Xtent, the Menlo Park development-stage medical device company whose board decided to throw in the towel and liquidate its assets, postponed a special meeting it had called to obtain approval from shareholders over its “plan of dissolution”.
The meeting, which was to take place on Thursday, July 9, has been rescheduled for Aug. 3 to give the company more time to negotiate with the two potential buyers out of 11 that had been contacted by the company and its financial adviser, Piper Jaffray & Co.
Eight of the 11 parties contacted expressed no interest in a deal with Xtent. One made an offer whose terms the board believed “would not maximize the value of (Xtent’s) assets.” Negotiations with the two remaining parties were described as being in the “VERY EARLY STAGES” in a paragraph at the end of the today’s filing printed upper case, which we took as a warning to any stock traders out there.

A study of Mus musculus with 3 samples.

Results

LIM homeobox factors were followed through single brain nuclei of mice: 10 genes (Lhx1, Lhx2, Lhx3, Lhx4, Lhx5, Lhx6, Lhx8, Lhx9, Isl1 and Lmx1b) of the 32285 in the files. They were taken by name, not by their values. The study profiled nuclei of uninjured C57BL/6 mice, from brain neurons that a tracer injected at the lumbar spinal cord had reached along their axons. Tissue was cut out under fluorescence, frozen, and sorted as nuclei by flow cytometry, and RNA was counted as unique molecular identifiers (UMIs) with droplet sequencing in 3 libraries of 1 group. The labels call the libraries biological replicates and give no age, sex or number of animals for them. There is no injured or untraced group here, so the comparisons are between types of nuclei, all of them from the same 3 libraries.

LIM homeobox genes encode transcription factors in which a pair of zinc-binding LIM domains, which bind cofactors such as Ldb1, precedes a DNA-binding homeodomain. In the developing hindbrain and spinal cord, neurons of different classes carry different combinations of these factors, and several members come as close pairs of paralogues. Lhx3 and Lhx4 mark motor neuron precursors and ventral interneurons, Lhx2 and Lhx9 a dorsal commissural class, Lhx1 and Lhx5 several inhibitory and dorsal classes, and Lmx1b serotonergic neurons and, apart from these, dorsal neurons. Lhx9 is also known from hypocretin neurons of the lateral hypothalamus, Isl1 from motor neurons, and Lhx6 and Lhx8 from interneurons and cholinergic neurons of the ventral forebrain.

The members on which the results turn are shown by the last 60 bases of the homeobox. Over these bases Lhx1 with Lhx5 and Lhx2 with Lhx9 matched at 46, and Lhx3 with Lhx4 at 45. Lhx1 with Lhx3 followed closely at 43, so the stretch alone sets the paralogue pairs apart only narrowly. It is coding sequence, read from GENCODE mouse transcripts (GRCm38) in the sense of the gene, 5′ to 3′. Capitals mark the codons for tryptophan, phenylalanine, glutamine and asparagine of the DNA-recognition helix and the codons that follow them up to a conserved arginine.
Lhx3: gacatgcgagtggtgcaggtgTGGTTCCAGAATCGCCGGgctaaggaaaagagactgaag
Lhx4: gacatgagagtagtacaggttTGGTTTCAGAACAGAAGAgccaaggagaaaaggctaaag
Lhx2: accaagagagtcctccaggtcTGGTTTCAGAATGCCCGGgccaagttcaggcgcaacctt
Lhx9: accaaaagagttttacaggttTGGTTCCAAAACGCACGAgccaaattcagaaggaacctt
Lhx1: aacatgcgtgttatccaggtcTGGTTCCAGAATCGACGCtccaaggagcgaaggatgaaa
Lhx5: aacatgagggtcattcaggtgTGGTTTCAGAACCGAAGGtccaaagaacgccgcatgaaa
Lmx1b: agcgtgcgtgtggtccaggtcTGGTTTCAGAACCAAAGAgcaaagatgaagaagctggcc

“WE CAN PROVIDE NO ASSURANCE THAT THESE DISCUSSIONS WILL RESULT IN AGREEMENT ON THE TERMS AND CONDITIONS OF A TRANSACTION WITH EITHER OF THESE TWO PARTIES OR ANY OTHER PARTY. EVEN IF THE TERMS AND CONDITIONS OF A TRANSACTION WERE AGREED TO, CONSUMMATION OF THE TRANSACTION WOULD BE SUBJECT TO ONE OR MORE RISKS RELATED TO, AMONG OTHERS, THE DUE DILIGENCE EFFORTS UNDERTAKEN BY EITHER PARTY, THE ABILITY TO OBTAIN ADEQUATE FINANCING, THE NEED FOR DOMESTIC AND FOREIGN REGULATORY APPROVAL AND APPROVAL BY THE BOARD AND STOCKHOLDERS OF EACH PARTY.”
The company also announced that Dr. Phillipe Marco, its vice President of quality assurance, was no longer employed by the company as of July 1, and was given the $131,700 retention payment promised him in January when the company fired 115 employees, or 94 percent of its staff.
Retention payments were offered at that time to five of its top executives in return for their agreement to stay through various periods as the company’s board figured out what to do.